Tue September 24, 2013
Why Kenya Is An Inviting Target For Terrorists
Originally published on Wed October 9, 2013 4:35 pm
Kenya has long been an African success story, a place that's been relatively stable, peaceful and prosperous despite being in a neighborhood rocked by major disasters for decades.
There's been endless civil war in Somalia, genocide in Rwanda and famine in Ethiopia. Yet these calamities have, by and large, not spilled over to Kenya, which has been the crossroads of East Africa, serving as a business, transportation and tourist hub.
This also explains why an upscale mall in Kenya's capital, Nairobi, was an ideal target for al-Shabab, the Somali militia with ties to al-Qaida.
"Kenya is full of Western interests and if al-Qaida wants to target America, which is obviously its reason for being, Kenya is the place to be," Bronwyn Burton of the Atlantic Council told NPR's Morning Edition.
"They would much rather be operating in Nairobi, where they can hurt more people and they can make more progress in their jihad than they could ever hope to accomplish in Mogadishu," Burton says.
Kenya has always been one of the most outward-looking African countries with its wide-ranging links to the U.S., Europe, the Middle East and Asia.
International companies and aid groups operating in Africa are likely to have a base in Nairobi. Western countries maintain large embassies in Nairobi. And the country swarms with well-heeled Western tourists headed on safaris to Kenya's spectacular game parks.
For these reasons, Kenya depends heavily on its reputation as an island of stability. And that reputation can be easily damaged by terrorist attacks, which can instantly drive away potential visitors.
Counterterrorism experts have been warning about Kenya's vulnerabilities for years.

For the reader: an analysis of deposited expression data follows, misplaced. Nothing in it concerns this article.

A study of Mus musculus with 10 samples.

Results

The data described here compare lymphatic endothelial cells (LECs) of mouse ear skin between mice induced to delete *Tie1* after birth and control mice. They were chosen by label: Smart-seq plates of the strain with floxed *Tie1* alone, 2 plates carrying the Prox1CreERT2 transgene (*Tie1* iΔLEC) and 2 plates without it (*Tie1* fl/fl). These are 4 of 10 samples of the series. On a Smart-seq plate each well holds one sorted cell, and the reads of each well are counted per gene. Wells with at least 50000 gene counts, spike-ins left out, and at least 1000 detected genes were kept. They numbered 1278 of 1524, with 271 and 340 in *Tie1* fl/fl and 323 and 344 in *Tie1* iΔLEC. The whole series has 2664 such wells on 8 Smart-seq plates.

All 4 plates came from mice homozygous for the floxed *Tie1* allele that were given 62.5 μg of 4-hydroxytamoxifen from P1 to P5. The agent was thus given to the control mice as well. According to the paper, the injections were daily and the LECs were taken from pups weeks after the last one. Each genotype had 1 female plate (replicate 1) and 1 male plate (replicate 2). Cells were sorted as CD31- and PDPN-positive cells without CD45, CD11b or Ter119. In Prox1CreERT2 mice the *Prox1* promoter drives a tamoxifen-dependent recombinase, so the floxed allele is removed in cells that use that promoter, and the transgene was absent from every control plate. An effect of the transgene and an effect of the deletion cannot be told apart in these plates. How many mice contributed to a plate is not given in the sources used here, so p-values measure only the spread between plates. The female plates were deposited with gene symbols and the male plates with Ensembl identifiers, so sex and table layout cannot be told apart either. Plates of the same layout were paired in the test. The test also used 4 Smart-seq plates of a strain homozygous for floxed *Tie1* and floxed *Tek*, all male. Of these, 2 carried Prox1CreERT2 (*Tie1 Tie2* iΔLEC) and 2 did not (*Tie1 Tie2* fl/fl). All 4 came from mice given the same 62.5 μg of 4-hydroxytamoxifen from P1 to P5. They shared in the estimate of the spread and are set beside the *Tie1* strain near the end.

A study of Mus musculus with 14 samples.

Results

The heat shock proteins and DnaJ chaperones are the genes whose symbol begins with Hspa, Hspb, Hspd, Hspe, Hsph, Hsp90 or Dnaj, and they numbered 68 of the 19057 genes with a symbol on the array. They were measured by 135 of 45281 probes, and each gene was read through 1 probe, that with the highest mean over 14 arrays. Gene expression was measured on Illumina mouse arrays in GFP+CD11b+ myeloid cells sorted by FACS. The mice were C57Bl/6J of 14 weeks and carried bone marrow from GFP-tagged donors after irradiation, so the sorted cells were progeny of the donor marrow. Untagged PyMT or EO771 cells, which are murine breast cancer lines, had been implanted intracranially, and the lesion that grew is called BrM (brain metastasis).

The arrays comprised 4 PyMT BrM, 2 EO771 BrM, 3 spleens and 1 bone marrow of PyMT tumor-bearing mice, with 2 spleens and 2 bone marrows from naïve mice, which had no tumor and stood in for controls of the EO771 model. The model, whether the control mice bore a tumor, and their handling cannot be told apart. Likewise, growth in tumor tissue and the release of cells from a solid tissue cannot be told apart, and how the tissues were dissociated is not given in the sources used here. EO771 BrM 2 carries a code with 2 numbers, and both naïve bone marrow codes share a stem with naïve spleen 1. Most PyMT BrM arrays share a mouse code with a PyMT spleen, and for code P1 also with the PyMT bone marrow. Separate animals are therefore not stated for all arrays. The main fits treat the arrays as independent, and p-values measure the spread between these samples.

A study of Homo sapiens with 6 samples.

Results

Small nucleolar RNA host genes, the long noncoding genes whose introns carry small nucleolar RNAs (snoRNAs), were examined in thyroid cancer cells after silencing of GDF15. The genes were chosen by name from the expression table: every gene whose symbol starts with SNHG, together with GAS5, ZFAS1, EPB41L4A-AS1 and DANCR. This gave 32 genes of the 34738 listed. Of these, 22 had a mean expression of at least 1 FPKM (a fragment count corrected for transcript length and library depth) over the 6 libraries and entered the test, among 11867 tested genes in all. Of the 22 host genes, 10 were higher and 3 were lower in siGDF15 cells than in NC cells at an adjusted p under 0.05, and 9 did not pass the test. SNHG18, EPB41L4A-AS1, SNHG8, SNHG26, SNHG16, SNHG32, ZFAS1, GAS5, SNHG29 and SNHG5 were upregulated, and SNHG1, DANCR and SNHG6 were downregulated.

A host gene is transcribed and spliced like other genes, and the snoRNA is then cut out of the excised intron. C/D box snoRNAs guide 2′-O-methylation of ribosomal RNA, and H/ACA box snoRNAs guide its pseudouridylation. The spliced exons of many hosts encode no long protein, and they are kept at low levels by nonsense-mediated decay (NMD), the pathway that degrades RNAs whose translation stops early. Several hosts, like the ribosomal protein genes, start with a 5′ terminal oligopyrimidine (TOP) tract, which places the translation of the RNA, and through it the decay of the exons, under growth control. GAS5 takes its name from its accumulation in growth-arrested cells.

The country shares a long, unguarded border with Somalia, which smugglers use to ferry weapons and other contraband. Kenya has absorbed many Somalis, with a large concentration in the "Little Mogadishu" neighborhood of Nairobi. And some parts of this Somali diaspora support al-Shabab.
Kenya has rarely intervened militarily with its troubled neighbors. But two years ago, Kenya sent troops into Somalia in an attempt to tamp down the chaos there.
The Kenyan forces went after al-Shabab and took territory held by the Islamist militia, including the southern Somali port city of Kismayo. In response, al-Shabab warned it would target Kenya. The group made good on that threat with the strike on the Westgate Mall, a place frequented by well-off Kenyans and many foreigners living in Kenya.
"We went as a nation into Somalia to help stabilize the country and most importantly to fight terror that had been unleashed on Kenya and the world," said Kenyan President Uhuru Kenyatta.
For Kenyatta, the Nairobi mall attack was personal — his nephew and the nephew's fiancee were killed.
The U.S. has been working with Kenya to develop its anti-terrorism efforts. But in general, Kenya's security forces, and the police in particular, are seen as poorly trained and widely corrupt.
Kenya's Mounting Problems
While the terrorist attack came from abroad, it was the latest sign of mounting turmoil in Kenya.
The country held tense but peaceful elections in March, won by Kenyatta. However, he faces trial in November at the International Criminal Court for allegedly inciting violence that claimed more than 1,000 lives after the country's 2007 election. Vice President William Ruto was already on trial at The Hague, but it was adjourned Monday owing to the ongoing crisis at the Nairobi mall.
In another recent blow, a large part of Nairobi's airport — the most important air transportation hub in East Africa — was destroyed in a major fire in August that's still under investigation.
And in a slap to Kenya's pride, President Obama, whose father was Kenyan, has yet to visit the country during his presidency. Obama stopped in neighboring Tanzania during an African tour in July. But the White House decided against a stop in Kenya, where the president presumably would have been been photographed shaking hands with a man awaiting a war crimes trial.